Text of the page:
A look back with marine scientist Jeanette Davis

NOAA Oral History 50th Anniversary Series

For NOAA’s 50th anniversary, we are highlighting oral history interviews from 24 employees -- some retired, some still working -- who have made a mark on the agency. Oral historian Molly Graham walks us through their NOAA legacies and the life experiences that led them here. 


What's your story? on typewriter

These days, Dr. Jeanette Davis works more on strategy and reports rather than in a lab for NOAA Fisheries, but she has loved science from an early age. In fact, it influenced her to write a children’s book to help them understand and appreciate the science in their everyday lives. 

Dr. Davis joined NOAA after finishing a Knauss fellowship where she worked on sea turtle assessment proposals and co-authored a National Bycatch Report. At NOAA, Dr. Davis is the invasive species coordinator, which allows her to work across different agencies on invasive species activities. She also works on ‘omics, which is the application of cutting-edge methods to analyze DNA, RNA, or proteins to better understand the ocean and Great Lakes. 

Hear a snippet of the interview recorded Dec. 5, 2019:

Jeanette Davis, NOAA Fisheries
Tenure at NOAA: 2018-present 
(2015-2017, contractor and Knauss Fellow)
Jeanette Davis, NOAA FisheriesTenure at NOAA: 2018-present (2015-2017, contractor and Knauss Fellow)

Listen to the full interview with Jeanette Davis.


On becoming interested in science at a young age: 

JD: I was always interested in science, yes. Even when I didn’t know it was science, I was always interested in science. By the time I could understand that I was interested in science in elementary school, I always had great science teachers. I think they could at least see my interest in science and how engaged I was. By the time I got to high school, it was obvious that science was my thing, and history.

That was quite interesting, growing up. I always loved going outdoors and trying new things and experimenting. Even as a child, I would gather things and put them together or try to make something or create something. I could just do that all day long. I was always inquisitive and asked questions. I think my parents understood that I was a bit different from the rest. They just allowed that and encouraged that. [laughter]

On getting into the field of ‘omics through graduate work:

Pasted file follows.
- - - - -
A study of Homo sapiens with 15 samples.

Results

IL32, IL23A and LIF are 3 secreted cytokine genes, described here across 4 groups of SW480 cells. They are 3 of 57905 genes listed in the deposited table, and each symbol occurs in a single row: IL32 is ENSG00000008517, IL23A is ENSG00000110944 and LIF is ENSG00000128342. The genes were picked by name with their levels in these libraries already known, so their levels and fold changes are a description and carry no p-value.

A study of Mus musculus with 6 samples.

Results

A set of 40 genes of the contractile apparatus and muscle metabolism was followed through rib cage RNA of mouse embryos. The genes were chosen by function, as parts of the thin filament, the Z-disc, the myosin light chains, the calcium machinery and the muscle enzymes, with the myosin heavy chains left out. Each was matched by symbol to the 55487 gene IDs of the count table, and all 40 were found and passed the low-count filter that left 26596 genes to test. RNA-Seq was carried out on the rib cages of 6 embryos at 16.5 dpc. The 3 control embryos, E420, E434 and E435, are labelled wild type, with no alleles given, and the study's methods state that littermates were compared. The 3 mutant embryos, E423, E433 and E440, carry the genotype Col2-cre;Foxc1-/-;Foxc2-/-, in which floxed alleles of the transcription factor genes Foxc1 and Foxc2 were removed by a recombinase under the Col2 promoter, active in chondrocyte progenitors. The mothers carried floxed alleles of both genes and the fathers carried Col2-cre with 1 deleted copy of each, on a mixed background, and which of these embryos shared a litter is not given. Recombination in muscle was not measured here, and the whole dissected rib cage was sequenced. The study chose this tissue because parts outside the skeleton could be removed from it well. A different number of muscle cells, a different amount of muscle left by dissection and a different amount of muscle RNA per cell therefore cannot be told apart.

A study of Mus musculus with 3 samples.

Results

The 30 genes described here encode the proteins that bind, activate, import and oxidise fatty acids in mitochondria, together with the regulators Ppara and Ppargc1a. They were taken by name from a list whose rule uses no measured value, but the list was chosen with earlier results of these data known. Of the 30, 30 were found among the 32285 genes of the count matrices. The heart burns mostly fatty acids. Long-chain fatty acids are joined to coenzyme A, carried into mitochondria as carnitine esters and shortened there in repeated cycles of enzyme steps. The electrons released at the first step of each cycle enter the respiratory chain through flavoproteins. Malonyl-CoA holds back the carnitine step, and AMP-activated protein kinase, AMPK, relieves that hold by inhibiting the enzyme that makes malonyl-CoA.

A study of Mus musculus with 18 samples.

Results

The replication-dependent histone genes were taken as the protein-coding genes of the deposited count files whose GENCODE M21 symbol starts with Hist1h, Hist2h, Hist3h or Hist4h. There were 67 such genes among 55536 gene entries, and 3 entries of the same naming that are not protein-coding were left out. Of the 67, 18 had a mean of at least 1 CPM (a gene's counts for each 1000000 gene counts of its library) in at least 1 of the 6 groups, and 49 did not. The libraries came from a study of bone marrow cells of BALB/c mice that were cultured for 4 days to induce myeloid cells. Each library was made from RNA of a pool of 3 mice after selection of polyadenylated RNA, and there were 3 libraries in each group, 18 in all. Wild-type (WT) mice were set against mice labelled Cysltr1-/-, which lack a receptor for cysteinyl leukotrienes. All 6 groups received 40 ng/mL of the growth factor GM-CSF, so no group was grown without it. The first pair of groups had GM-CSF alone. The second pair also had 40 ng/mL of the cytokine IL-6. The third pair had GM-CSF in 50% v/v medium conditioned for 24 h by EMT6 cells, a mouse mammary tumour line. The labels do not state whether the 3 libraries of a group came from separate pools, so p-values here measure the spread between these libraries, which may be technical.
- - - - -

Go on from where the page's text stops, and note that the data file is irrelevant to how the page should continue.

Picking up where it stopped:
JD:  I’m a microbiologist. However, if you’re a microbiologist, because you can’t see what you study and because you don’t physically carry a microscope everywhere, you understand things at the molecular level, which is like DNA, RNA, protein stuff. Much of my background up until that point had been – how do I say – it wasn’t that level of detail of science. It wasn’t necessarily molecular biology. It was marine science. So I had all of these different sciences, but not a lot of core molecular stuff.


JD: My project, unlike others in the lab who worked on sponges, I worked on a sea slug. For most of the work in the lab, it was basically understanding bacteria associated with different marine invertebrates. Most of the time, it was sponge. Once you get those bacteria, you might see if they produce any interesting compounds or a hit, you screen them for interesting compounds. From there, you develop this story, figure out who’s doing what. My project was different in that we already knew the compound. It was already a promising anti-cancer compound extracted from the slug and the slug diet, which is some algae. That had already been discovered. Our role, instead of trying to find something new or find something that produces something new, we knew that something produced what we wanted. So it was almost like working backward. Instead of saying, “I found this thing and could it produce something,” it’s like, “Something can produce this thing, and so how do we find that thing?” 

My lab hadn’t been to the sampling site, which was Hawaii for my project, in years before I got there. So we didn’t have any fresh samples. So my first few years, again, I’m taking classes. I’m working with frozen materials. Things are not working because samples are degraded. I had a chance to work with other people in the lab on their projects and go to one of our main sampling sites in Key Largo and do a whole bunch of stuff there. Then, finally, I think two years [later], in 2010, I got a chance to go to my sampling site in Hawaii, which was a game changer because things started picking up from there. I actually had fresh material to work with. It was tasking. [laughter] 

Essentially, through this technology, of part of what I work on here [at NOAA] is this thing called eDNA. So all living things have DNA, and eDNA is environmental DNA. It’s just a way of looking at DNA in the environment. The same way at a crime scene if someone leaves their DNA behind, you can say, “This is who they are,” you can do the same in the environment. You can never see it, and just collect DNA and say, “This is who they are,” because their DNA is left behind. What I was doing was if this slug – I know this slug is here, and the algae is here, and I know this anti-cancer compound plays a role somewhere. I then looked at all of their DNA possible and said, “There is a code to produce this compound,” because DNA is the code for life and things, right? So there’s a code that produces this. So I looked at all the DNA and then said, “This DNA sequence matches this product, and it’s produced from this bacterium.” That’s the simplest way of putting it. It was a lot of molecular biology, a lot of understanding DNA, RNA, proteins, metabolites. Metabolites are essentially the small molecule that we were looking for, which is a defense compound for the organism, but it’s the anti-cancer compound for humans. They’re the same.